It happens to all of us: Your doctor prescribes you a new prescription drug. Normally, doctors don’t really know the true cost of a medication at the pharmacy counter when they are in the office prescribing it.
Card in hand, you wait in line at the pharmacy counter and present the prescription. A few minutes later, a smiling pharmacy technician asks you for your information and your insurance card and next thing you know, the bill is a whopper! What do you do?
If you’re on Medicare, you have several options if you cannot afford a prescription that your doctor prescribes. The very first thing you should do is ask the pharmacy if your insurance actually covers the prescription in the first place! Ask why the cost is so high! Have a dialogue with the pharmacist or pharmacy technician. Often times, they’re very busy and won’t go that extra step in the first place. Sometimes the prescription isn’t covered for a reason that you can do something about!
If you have been given a brand name of a drug, its worth asking if there is a generic equivalent. Sometimes it’s a simple matter of calling the doctor to make the change. For example, the name brand is a 24-hour pill, but the generic needs to be taken 3 times a day. If the savings are astronomical it may be worth that bit of hassle.
Sometimes, your prescription needs what’s called prior authorization, or a medical review. This means that your doctor needs to speak to the insurance company and give them medical information about your condition to get your prescription approved. In this case, your prescription is just in a temporary limbo and still has a chance to be covered. The pharmacy may have just filled it for the cash price to find out if you wanted it immediately, wanted to pay for it, or needed to know how much it was in case the medical review was denied.
If the drug is not on the formulary, or list of drugs covered by your plan, then you have some options to consider. The first thing you should do at this point is contact your doctors office and inform them of this information. Often times, there is different medication that acts the same that is covered. It’s just a matter of the doctor sending the appropriate prescription to the pharmacy for you.
If the drug is on the formulary and you still cannot afford it, you still have options.
Depending on which state you live in, there are programs for elderly people to assist them with prescription drug costs. They are called State Pharmaceutical Assistants Programs (SPAPs) For example, in New York it is called Elderly Pharmaceutical Insurance Coverage (EPIC) and it works with Medicare to bring down the costs of drugs.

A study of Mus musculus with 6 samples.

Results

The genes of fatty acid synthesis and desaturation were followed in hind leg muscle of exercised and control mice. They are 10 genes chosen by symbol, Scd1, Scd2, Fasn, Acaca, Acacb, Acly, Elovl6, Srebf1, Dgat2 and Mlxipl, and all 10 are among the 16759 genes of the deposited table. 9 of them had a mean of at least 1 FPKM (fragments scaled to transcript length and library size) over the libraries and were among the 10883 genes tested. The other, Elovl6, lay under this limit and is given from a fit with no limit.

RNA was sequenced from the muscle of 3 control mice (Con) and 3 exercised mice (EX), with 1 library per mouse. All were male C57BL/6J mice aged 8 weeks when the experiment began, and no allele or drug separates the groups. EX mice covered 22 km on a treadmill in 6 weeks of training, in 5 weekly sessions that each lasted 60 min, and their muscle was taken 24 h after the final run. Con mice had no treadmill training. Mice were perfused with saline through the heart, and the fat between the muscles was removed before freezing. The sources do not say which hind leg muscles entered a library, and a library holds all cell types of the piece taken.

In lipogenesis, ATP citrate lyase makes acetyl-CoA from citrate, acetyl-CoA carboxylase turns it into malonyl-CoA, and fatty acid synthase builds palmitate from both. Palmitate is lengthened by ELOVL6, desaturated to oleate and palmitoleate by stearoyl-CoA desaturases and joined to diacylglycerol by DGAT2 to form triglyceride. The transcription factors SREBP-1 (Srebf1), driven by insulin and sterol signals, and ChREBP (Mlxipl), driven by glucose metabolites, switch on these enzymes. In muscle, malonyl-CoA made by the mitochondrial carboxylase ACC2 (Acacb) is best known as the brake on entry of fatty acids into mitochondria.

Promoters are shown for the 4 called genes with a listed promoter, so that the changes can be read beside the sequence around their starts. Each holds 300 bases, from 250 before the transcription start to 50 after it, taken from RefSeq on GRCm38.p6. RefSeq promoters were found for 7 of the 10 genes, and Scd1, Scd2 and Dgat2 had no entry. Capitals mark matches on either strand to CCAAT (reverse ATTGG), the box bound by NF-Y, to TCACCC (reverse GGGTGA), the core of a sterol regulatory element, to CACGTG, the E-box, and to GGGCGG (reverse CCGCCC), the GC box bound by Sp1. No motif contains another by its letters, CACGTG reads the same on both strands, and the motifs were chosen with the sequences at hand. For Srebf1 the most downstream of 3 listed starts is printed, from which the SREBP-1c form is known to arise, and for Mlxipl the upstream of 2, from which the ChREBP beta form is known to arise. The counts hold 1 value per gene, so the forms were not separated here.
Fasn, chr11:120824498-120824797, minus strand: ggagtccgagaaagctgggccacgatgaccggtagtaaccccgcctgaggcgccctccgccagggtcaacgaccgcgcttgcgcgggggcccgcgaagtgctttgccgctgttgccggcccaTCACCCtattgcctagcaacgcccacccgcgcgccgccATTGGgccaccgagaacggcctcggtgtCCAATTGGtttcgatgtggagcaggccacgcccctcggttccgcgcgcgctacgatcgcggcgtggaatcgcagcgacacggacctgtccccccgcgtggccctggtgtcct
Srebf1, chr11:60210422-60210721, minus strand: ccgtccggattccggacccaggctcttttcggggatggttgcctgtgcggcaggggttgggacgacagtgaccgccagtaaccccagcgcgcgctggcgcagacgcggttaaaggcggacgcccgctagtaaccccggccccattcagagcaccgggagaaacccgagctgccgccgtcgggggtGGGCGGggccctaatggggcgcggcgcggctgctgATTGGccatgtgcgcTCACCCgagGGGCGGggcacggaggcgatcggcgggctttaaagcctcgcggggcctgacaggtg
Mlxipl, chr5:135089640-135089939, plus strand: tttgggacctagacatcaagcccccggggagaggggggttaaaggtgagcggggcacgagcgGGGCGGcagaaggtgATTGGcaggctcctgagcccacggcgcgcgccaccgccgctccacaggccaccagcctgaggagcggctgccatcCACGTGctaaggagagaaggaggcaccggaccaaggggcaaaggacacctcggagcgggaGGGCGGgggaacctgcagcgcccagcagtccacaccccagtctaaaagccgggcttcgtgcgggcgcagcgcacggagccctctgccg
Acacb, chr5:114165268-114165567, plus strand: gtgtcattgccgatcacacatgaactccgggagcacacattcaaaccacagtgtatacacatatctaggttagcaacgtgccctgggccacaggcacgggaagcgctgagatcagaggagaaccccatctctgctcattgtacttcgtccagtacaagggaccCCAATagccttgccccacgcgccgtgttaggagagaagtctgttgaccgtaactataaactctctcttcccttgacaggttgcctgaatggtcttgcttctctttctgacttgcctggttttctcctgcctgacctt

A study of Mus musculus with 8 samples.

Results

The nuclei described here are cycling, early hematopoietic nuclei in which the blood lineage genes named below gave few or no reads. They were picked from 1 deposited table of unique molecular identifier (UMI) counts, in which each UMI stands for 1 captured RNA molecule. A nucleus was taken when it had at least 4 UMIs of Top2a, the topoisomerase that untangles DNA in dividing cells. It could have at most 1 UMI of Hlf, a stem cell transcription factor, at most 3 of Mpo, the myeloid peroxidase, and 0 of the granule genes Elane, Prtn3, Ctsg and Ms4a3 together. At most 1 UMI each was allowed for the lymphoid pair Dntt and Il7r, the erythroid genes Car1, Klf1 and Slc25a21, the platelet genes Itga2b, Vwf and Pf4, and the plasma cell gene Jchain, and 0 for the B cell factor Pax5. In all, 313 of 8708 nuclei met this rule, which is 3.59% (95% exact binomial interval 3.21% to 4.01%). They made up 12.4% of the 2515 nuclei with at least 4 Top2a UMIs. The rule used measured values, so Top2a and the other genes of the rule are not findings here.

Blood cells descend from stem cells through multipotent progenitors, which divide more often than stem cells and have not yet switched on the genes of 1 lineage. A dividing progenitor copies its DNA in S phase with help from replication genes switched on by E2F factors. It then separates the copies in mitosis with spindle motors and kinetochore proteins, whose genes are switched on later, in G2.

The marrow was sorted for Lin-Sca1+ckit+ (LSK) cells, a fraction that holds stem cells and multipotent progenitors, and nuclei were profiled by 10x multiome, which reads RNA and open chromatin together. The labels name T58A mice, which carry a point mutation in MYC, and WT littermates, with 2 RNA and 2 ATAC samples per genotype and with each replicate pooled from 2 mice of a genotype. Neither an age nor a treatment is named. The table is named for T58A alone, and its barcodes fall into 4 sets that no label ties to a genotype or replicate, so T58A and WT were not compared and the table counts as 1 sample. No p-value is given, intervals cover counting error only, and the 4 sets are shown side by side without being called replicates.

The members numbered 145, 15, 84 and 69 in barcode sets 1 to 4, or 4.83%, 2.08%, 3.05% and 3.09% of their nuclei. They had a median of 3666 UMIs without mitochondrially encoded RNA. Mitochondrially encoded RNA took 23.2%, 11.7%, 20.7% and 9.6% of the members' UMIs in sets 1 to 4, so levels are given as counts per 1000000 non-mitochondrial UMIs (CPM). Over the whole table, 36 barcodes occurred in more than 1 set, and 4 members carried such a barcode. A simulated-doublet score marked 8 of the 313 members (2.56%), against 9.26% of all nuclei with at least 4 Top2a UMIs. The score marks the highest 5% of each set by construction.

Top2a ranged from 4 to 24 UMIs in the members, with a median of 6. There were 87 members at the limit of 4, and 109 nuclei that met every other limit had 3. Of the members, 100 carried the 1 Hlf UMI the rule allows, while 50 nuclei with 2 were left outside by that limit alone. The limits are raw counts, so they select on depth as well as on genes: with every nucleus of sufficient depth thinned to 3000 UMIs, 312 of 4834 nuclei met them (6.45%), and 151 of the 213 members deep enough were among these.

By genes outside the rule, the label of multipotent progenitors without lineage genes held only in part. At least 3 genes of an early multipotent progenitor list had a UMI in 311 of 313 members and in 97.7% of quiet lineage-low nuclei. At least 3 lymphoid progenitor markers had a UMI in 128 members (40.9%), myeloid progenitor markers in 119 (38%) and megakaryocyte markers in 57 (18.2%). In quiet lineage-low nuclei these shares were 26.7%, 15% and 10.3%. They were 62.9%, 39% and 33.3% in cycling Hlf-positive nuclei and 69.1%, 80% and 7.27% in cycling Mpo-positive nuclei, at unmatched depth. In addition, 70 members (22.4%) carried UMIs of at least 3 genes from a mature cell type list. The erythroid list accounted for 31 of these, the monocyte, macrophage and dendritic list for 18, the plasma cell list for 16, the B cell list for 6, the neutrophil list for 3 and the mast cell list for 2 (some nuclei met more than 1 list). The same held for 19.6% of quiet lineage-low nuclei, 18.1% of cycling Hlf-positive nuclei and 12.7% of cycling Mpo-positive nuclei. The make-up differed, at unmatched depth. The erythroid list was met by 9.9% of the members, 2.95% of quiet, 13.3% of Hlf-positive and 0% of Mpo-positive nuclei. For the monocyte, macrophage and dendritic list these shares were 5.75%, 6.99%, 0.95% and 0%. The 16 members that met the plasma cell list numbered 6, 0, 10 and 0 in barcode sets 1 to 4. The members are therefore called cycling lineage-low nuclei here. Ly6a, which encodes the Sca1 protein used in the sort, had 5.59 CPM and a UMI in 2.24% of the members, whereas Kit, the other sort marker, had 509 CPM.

If you do not have a SPAP in your state and cannot afford your medications, you still have options!
Contact the pharmaceutical companies directly. Many of them have Patient Assistance Programs (PAPs) that qualify individuals based on income levels for free or lower cost medications. This is for name brand medications. You can search for all available PAPs by the drug name or the pharmaceutical company name at RxAssist.org/patients.
If you do not qualify for the patient prescription program through the pharmaceutical company, there’s another oft overlooked option.
There are pros and cons of skipping using your Medicare/medical insurance. On the one hand, if you don’t use your MAPD or PDP plan to fill a prescription, you won’t get “credit” through the four stages of Medicare Prescription Drug benefits. However, if your copay is too high, like during the coverage gap (aka donut hole), and you cannot afford your medication, ask the pharmacist to fill your prescription and use one of the many free discount cards that are available. You CANNOT use them with insurance.
We want to highlight this once again: doing this does not count your medication cost total toward getting out of the coverage gap (aka donut hole) nor does it help you meet your deductible if you have one. You will be no closer to catastrophic coverage by using a discount card or paying for your prescription. This is merely a way to possibly get a better discount on your prescription.
Currently, you pay a percentage of any brand name drug during the ‘donut hole’ coverage gap phase of coverage, some of the discount cards have great prices and can beat that cost. If know you aren’t going to reach catastrophic coverage during the year, ask the pharmacist if using a discount card instead of your insurance would help bring down the price. It might, it might not, but it cannot hurt to ask.
Where do you get these discount cards? Search for “Free Prescription Savings” online. GoodRx.com, HelpRx.com are two options, but we don’t endorse either. In fact, we don’t endorse anyone, or any company in particular. Do your own research. Remember each of these savings cards are free. Don’t pay for a savings card. They also give different offers, so go to the pharmacy armed with at least two cards to see what gives you the best discount.
You have options and questions that you can ask when it comes to high prescription prices. Sometimes nothing can be done, and you have to just contact your doctor and tell him that you cannot afford this prescription and ask if there’s something else you can take. It happens to all of us at one point or another.
There are often alternatives to the expensive medication when you ask. Pharmacists cannot change the prescription even if its from brand to generic without the doctor’s authorization so be prepared to wait for them to contact the office.
Make it a point to sign up for your state’s SPAP before you need it as it may have deductibles to meet before it kicks in to help you cover costs. Don’t forget to try PAPs for any brand name prescriptions you may have that you cannot afford.